SC issues notices to Jet, Sahara on sellout dispute | india | Hindustan Times

The Supreme Court today issued notices on cross appeals by Sahara India and Jet Airways challenging a Bombay high court order directing the latter to pay a renegotiated amount instead of the original determined price for purchase of Sahara Airlines (now Jetlite) in 2007.

india Updated: Dec 02, 2011 18:51 IST

The Supreme Court on Friday issued notices on cross appeals by Sahara India and Jet Airways challenging a Bombay high court order directing the latter to pay a renegotiated amount instead of the original determined price for purchase of Sahara Airlines (now Jetlite) in 2007.

A bench of justice Altamas Kabir and justice SS Nijjar granted six weeks to the two parties to file their counter-affidavits and two weeks thereafter for the rejoinders.

On October 17, the high court had upheld its earlier order by a single judge asking Jet Airways to pay 9% interest on the balance amount of purchase price to Sahara.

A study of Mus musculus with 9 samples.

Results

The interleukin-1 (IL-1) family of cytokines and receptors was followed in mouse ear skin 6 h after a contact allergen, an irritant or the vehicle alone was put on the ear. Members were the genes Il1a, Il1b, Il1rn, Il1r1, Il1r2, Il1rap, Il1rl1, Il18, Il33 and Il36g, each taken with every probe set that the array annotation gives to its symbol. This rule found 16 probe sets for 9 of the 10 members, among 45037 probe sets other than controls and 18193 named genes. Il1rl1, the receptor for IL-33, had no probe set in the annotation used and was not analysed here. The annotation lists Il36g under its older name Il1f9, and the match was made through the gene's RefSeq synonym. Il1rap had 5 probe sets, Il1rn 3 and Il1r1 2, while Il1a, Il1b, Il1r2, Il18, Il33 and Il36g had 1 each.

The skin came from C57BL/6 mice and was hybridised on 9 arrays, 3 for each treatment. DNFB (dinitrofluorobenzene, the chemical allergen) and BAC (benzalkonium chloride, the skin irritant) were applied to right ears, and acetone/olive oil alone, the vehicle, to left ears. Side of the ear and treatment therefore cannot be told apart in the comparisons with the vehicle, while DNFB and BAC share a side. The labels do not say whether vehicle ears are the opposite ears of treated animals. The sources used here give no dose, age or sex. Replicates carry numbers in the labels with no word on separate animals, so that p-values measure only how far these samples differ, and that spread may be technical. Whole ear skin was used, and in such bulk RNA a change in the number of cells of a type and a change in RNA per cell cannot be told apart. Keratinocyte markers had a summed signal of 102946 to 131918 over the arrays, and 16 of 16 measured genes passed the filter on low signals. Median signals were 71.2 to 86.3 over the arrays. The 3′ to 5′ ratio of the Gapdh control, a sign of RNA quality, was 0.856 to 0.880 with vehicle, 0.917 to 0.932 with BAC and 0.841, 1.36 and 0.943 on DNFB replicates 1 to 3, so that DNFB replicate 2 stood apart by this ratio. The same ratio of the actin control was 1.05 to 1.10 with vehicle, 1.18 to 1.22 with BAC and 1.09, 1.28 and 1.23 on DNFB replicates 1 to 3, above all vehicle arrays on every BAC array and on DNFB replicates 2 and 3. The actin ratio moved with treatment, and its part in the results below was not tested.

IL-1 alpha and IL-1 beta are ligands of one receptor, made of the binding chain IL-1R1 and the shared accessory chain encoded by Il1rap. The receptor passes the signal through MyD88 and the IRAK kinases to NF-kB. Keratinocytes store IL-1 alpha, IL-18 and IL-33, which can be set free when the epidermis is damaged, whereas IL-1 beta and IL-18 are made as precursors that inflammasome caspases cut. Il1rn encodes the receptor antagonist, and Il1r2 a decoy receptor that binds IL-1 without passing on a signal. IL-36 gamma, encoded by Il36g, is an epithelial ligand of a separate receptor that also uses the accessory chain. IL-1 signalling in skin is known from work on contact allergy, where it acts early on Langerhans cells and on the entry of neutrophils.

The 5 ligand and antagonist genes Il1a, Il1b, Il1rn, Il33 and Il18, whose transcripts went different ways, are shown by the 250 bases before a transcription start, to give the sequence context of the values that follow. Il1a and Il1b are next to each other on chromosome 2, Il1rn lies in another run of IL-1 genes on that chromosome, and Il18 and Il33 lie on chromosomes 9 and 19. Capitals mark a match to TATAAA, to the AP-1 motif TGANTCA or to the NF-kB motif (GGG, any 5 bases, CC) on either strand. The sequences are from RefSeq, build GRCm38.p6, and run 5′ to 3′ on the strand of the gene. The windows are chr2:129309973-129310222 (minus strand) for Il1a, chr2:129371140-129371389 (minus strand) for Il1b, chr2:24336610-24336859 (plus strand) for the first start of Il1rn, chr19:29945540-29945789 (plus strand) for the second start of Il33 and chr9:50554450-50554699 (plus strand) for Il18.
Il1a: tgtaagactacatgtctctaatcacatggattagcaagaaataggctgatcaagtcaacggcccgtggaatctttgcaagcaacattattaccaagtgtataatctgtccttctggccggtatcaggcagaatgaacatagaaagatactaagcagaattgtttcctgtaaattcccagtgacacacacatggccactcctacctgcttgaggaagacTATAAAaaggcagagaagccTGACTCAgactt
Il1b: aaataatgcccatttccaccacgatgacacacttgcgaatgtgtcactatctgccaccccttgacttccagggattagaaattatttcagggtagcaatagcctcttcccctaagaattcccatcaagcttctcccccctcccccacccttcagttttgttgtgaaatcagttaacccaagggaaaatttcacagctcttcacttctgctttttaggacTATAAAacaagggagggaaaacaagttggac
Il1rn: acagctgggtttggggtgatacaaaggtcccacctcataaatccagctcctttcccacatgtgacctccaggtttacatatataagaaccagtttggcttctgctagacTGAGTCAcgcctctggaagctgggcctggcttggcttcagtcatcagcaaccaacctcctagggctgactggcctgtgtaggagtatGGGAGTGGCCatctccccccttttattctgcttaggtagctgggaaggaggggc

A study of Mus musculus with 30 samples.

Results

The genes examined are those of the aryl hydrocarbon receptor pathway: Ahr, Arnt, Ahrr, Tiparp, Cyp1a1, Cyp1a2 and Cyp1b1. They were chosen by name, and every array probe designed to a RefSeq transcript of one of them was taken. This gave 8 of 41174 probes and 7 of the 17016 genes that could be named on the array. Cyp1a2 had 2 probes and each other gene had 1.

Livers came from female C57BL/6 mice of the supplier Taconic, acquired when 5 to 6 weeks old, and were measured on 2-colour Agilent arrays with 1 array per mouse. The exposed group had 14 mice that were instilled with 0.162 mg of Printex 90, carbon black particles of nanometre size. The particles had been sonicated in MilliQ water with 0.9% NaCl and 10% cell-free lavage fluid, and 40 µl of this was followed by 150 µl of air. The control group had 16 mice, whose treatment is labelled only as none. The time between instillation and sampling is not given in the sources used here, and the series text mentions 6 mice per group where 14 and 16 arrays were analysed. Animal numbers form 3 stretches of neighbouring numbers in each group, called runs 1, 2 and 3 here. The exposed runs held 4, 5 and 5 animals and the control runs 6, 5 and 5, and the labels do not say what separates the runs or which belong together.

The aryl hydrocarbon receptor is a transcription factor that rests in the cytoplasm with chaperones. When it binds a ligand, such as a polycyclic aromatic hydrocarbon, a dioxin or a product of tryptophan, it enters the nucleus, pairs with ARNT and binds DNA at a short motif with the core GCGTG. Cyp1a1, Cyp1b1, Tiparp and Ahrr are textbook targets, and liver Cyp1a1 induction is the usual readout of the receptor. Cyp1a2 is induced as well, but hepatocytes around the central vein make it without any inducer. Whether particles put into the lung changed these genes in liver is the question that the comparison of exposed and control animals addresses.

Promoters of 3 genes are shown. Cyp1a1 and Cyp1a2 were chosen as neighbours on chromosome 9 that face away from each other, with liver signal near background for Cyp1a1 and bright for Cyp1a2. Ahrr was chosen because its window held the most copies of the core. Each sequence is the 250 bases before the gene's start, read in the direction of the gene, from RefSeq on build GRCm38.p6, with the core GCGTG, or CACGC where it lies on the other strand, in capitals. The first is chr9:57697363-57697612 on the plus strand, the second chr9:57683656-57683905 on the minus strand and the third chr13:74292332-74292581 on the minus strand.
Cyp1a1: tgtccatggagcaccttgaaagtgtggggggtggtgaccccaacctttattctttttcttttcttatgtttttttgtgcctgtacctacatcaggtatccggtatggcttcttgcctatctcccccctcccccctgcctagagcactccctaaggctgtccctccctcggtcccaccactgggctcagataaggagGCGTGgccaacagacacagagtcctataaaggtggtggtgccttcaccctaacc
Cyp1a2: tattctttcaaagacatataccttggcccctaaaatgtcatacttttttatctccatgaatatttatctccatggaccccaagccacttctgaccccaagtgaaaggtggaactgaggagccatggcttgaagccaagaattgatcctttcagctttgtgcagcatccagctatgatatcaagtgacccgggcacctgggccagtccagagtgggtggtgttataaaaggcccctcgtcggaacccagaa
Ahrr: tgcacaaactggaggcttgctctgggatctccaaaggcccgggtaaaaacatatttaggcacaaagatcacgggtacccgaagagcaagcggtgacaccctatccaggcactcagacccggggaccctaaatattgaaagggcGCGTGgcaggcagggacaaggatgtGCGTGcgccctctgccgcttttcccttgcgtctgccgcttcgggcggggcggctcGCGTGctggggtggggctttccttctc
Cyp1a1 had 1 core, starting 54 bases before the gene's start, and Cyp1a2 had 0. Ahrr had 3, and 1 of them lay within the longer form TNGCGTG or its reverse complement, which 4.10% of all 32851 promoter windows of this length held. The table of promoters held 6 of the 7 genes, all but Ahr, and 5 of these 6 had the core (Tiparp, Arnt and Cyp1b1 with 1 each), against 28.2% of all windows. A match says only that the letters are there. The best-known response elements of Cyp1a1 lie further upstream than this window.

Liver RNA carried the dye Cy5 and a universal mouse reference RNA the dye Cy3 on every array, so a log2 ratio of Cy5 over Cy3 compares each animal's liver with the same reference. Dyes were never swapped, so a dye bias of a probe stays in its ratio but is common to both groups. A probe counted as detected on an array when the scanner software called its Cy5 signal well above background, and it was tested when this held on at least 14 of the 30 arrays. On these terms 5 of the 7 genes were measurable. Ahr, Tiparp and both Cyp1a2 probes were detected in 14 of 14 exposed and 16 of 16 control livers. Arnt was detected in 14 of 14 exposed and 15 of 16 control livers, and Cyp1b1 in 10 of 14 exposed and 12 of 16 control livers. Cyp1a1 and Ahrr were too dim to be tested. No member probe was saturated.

A division bench comprising Chief Justice Mohit Shah and justice GS Godbole had dismissed appeals of Sahara India and Jet Airways challenging the May 5 order of the single bench of justice DY Chandrachud.

The bench had ruled that the two appeals filed by Sahara India and Jet Airways were "not maintainable" as only an SLP was maintainable against the order of the single judge.

Earlier, Jet had given an undertaking that it will not dispose of the property during the pendency of the appeal filed by Sahara.

Sahara had contended that Jet Airways was liable to pay Rs 2,000 crore, the original buyout price, instead of the renegotiated amount of Rs 1,450 crore because the latter had defaulted in paying installments by deducting income tax dues.

Both sides had agreed to the renegotiated price on condition that Jet would not default in paying installments.

Jet Airways contended that they were not liable to pay interest on balance amount at 9% as they had not defaulted in payments but had only deducted income tax dues which were liable to be paid by Sahara.